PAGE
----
EFF in the News
Now, thanks to a Freedom of Information Act (FOIA) lawsuit from the Electronic Frontier Foundation (EFF), the FAA has released a list of institutions that have asked for Certificates of Authorizations (COA) to fly drones in the United States.
The digital rights group Electronic Frontier Foundation (EFF) has filed a brief with the court on behalf of users who weren't infringing copyright and lost access to their data when it was shutdown. The EFF has asked the court for a procedure to assist innocent people to recover their files.
The list obtained by the EFF represents all entities that have applied for drone permits, but doesn't show how many drones each entity has, said Jennifer Lynch, a staff attorney with the group. FAA officials have talked about the existence of about 300 active permits.
The information came to light in a Freedom of Information Act request filed by the Electronic Frontier Foundation, a nonprofit that advocates for greater freedom, particularly as it relates to technology.
Following a number of FOIA requests, the Electronic Frontier Foundation (EFF) now has a list of the towns, counties, states and agencies with permission to fly drones. Presented by Forbes' Kashmir Hill, it's a pretty diverse list of groups that includes organizations you might expect (the Air Force, Department of Homeland Security, DARPA) and some you might not (Cornell University?).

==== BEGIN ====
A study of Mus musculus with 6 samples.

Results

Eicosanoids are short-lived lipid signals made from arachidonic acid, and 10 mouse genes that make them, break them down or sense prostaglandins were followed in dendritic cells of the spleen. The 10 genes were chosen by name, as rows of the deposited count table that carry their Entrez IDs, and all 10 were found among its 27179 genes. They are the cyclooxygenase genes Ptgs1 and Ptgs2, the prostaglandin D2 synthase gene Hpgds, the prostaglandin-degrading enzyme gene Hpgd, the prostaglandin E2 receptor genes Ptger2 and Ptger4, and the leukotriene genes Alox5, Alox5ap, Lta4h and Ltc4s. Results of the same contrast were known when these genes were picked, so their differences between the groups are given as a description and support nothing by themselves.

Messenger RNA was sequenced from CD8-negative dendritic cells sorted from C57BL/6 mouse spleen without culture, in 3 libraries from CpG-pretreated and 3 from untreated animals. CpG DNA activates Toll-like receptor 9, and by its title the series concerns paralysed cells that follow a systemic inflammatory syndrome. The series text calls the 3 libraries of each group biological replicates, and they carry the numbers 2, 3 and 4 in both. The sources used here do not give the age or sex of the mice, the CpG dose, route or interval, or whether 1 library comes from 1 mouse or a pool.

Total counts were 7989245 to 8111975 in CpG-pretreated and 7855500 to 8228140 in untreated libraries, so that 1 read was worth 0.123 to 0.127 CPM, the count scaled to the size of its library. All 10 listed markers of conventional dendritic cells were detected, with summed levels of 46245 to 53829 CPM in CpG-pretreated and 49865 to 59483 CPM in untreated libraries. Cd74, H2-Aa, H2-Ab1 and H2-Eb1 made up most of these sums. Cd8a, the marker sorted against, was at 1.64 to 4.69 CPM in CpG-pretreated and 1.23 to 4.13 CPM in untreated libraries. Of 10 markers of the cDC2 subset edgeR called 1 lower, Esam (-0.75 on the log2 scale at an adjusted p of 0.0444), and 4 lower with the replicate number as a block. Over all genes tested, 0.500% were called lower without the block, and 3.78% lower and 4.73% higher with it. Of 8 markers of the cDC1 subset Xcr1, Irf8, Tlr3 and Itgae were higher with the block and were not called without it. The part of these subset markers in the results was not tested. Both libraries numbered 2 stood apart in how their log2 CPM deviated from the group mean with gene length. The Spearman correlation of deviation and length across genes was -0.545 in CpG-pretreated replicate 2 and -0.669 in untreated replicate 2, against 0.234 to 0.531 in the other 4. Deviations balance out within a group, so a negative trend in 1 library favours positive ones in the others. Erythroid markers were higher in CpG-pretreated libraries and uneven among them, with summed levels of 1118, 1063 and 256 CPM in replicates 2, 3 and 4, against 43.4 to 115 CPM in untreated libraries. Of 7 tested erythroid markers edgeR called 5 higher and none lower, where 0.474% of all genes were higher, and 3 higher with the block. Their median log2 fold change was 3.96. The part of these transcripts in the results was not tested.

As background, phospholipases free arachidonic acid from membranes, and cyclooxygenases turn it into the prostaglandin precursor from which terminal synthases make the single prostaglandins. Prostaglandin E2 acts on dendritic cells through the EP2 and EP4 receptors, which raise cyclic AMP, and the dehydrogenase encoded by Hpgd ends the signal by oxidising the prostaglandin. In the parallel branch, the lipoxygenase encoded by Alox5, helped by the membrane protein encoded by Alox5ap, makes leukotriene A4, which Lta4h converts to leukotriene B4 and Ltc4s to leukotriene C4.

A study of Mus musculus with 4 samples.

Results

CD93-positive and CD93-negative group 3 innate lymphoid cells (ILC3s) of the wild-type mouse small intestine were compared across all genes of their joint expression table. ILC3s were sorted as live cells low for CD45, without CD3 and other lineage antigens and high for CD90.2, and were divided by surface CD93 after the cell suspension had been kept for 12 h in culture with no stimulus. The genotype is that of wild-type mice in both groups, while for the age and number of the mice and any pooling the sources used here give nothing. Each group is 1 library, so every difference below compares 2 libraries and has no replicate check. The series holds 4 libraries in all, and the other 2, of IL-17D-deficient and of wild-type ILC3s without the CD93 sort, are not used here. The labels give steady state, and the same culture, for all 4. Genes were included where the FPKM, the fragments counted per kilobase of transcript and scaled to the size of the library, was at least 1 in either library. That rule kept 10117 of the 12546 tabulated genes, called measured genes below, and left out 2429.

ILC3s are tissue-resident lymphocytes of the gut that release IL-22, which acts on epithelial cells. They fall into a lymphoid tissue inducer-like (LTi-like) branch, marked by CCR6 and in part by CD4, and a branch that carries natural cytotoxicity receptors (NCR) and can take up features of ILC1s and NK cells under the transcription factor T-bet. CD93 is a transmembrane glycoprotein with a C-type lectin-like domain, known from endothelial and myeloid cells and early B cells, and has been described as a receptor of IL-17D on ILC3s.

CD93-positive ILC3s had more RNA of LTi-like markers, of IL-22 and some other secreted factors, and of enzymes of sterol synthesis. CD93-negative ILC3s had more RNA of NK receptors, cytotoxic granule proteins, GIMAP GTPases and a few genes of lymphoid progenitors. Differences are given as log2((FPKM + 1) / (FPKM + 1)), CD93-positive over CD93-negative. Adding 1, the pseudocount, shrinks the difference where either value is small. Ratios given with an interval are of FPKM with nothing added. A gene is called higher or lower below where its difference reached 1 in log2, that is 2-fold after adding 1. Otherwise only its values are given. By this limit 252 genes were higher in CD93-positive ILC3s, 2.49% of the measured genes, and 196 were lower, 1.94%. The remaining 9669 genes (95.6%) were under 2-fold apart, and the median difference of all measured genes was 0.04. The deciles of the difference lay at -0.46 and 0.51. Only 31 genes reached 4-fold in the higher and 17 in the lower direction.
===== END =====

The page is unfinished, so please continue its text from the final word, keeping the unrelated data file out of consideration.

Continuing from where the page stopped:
John Perry Barlow, lyricist for the Grateful Dead and co-founder of the well-known advocacy group Electronic Frontiers Foundation (EFF), says the over-arching motivation of such efforts, whatever tactics are used, was to shift the nature of society.
If you don’t like drones, it’s time to move to Hawaii. It’s one of the few places in the U.S. where no licenses have been issued for unmanned air flights. If you prefer the mainland, North Carolina, South Dakota, Nebraska and Iowa are a few of your options. Consult this interactive map via EFF for relocation planning purposes.
John Perry Barlow
Co-founder, Electronic Frontier Foundation
The EFF, founded in 1990, described itself as "the first line of defence" when online freedoms come under attack. Through a mix of direct action, legal challenges and political advocacy, the group lobbies on freedom of speech, surveillance and intellectual property issues. The former Grateful Dead lyricist was one of the EFF's founding members and has been one of its loudest public voices ever since.
“We now have organisations with the ability to stifle free expression with no bill of rights that applies to them – just terms of service,” he said. “The EFF have investigated everything we can think of [against this], and all we can find is anti-trust law, and we’re not nearly rich enough for that kind of action.”